How to View AP Scores Early? College Board Starts Releasing Exam Results

Students eager to see their results from the Advanced Placement exam can either wait until their state's designated time or somehow change their computer or phone's location.

Through Advanced Placement (AP) courses, high school students have the ability to gain credit for college courses before enrolling in higher education. Courses culminate in a final exam, with a score of three or higher potentially qualifying the student to earn credit at their chosen college or university.

College Board, the organization that administers the exam, releases scores in accordance with a schedule dictated by states and while students in Florida, Louisiana, Mississippi and Texas could access their scores on Friday morning, other students nationwide had to wait. After months of hard work and college credit on the line, sometimes waiting can be hard and students who wanted to see their scores before their state's assigned time had a few options.

Accessing scores based on College Board's schedule was dependent on where a student was when trying to view their results, not based on where they took the exam. So, changing a student's location could change the day they could see their scores.

The first, most obvious option, would be to ask a friend or family member that lives in a state that had earlier access to login to the student's College Board account and tell them their score.

ap scores college board
Bayside High School seniors pose for photos before their June 24, 2011, graduation ceremony held on the St John's University campus in the Queens borough of New York. On Friday, College Board started releasing scores from the AP exam. Robert Nickelsberg/Getty

Another option would be to travel to one of the states that had access earlier than the state where the student lived. However, traveling can be both time consuming and costly, so the viability of that option can be up for debate.

Instead of changing their physical location, students can also change the location of the phone or computer they're using to access their College Board account. However, this isn't as simple as changing a setting on the device and can require a lot of time and inside technology knowledge.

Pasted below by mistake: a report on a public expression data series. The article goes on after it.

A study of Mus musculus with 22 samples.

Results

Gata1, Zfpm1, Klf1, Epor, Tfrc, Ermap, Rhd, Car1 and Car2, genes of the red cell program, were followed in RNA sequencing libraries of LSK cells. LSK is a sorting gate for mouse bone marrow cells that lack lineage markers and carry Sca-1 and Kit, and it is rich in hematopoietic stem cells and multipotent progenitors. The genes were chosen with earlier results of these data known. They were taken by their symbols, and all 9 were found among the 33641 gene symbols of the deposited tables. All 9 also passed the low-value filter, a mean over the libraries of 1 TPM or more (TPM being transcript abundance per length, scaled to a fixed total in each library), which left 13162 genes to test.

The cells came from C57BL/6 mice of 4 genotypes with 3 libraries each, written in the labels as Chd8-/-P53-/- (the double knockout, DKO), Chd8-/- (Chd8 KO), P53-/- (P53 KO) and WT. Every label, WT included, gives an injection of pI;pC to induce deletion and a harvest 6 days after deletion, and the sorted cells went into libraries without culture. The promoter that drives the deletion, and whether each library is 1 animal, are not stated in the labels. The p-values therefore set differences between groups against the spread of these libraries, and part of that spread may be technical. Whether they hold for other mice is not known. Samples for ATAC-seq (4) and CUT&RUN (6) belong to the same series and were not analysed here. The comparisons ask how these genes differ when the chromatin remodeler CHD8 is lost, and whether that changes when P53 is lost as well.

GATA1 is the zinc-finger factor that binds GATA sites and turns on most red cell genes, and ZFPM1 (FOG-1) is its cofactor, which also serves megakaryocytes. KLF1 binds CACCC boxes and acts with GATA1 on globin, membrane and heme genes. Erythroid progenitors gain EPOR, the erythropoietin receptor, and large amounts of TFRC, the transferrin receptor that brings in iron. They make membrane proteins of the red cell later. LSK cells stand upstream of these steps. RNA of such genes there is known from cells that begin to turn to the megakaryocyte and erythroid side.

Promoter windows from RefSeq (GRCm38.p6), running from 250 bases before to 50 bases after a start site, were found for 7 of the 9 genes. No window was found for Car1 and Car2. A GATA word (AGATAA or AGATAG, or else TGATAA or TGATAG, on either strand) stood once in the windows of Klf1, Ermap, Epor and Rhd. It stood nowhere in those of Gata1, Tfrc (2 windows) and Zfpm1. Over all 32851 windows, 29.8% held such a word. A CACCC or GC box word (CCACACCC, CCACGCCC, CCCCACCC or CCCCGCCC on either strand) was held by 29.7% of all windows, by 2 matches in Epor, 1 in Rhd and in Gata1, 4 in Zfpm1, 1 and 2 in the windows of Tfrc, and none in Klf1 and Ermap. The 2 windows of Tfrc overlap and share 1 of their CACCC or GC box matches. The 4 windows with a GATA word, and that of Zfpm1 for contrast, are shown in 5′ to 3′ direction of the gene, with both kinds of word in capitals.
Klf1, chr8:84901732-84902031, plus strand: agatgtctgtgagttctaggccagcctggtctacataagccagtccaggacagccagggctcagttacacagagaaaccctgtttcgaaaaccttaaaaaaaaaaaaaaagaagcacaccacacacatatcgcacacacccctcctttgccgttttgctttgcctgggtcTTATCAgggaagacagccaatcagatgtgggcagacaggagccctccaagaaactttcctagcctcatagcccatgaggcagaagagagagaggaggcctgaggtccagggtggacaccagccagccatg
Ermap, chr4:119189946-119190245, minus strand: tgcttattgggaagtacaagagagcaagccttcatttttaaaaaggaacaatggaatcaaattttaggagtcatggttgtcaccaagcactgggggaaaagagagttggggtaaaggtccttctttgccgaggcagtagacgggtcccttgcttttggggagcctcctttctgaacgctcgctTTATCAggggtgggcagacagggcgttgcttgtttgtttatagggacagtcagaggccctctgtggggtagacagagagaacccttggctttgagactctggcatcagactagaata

Another way to work around the simple fact of having to wait a few days to see scores is to use a VPN, which enables a person to connect to a network outside of where they're physically located. A VPN connects a computer, smartphone or tablet to another computer, identified as the server. It allows a person to browse the internet using the server's internet connection. So, if the student was located in one state but had a VPN established for a computer in a state that had earlier access, it's possible they could access their scores early.

On Tuesday, everyone in the United States and its territories, Canada and internationally will be able to see their scores. In the days prior, exam results will be released in chunks of states, identified by College Board as:

  • July 6: Alabama, Arkansas, Georgia, Illinois, Kentucky, North Carolina, Oklahoma, South Carolina, Tennessee, Virginia
  • July 7: Connecticut, Delaware, District of Columbia, Maine, Maryland, Massachusetts, New Hampshire, New Jersey, New York, Pennsylvania, Rhode Island, Vermont, West Virginia
  • July 8: California, Michigan, Ohio, Oregon
  • July 9: Alaska, Arizona, Colorado, Hawaii, Idaho, Indiana, Iowa, Kansas, Minnesota, Missouri, Montana, Nebraska, Nevada, New Mexico, North Dakota, South Dakota, Utah, Washington, Wisconsin, Wyoming

To access scores, a student must log in to with their College Board username and password. Students can send one free score report to a college, university or scholarship program by designating it on their registration sheet. Additional reports can be ordered online for a fee of $15 for standard delivery or $25 for rush delivery. College Board offered a discount for rush delivery from July 2 to July 11, dropping the price from $25 to $15.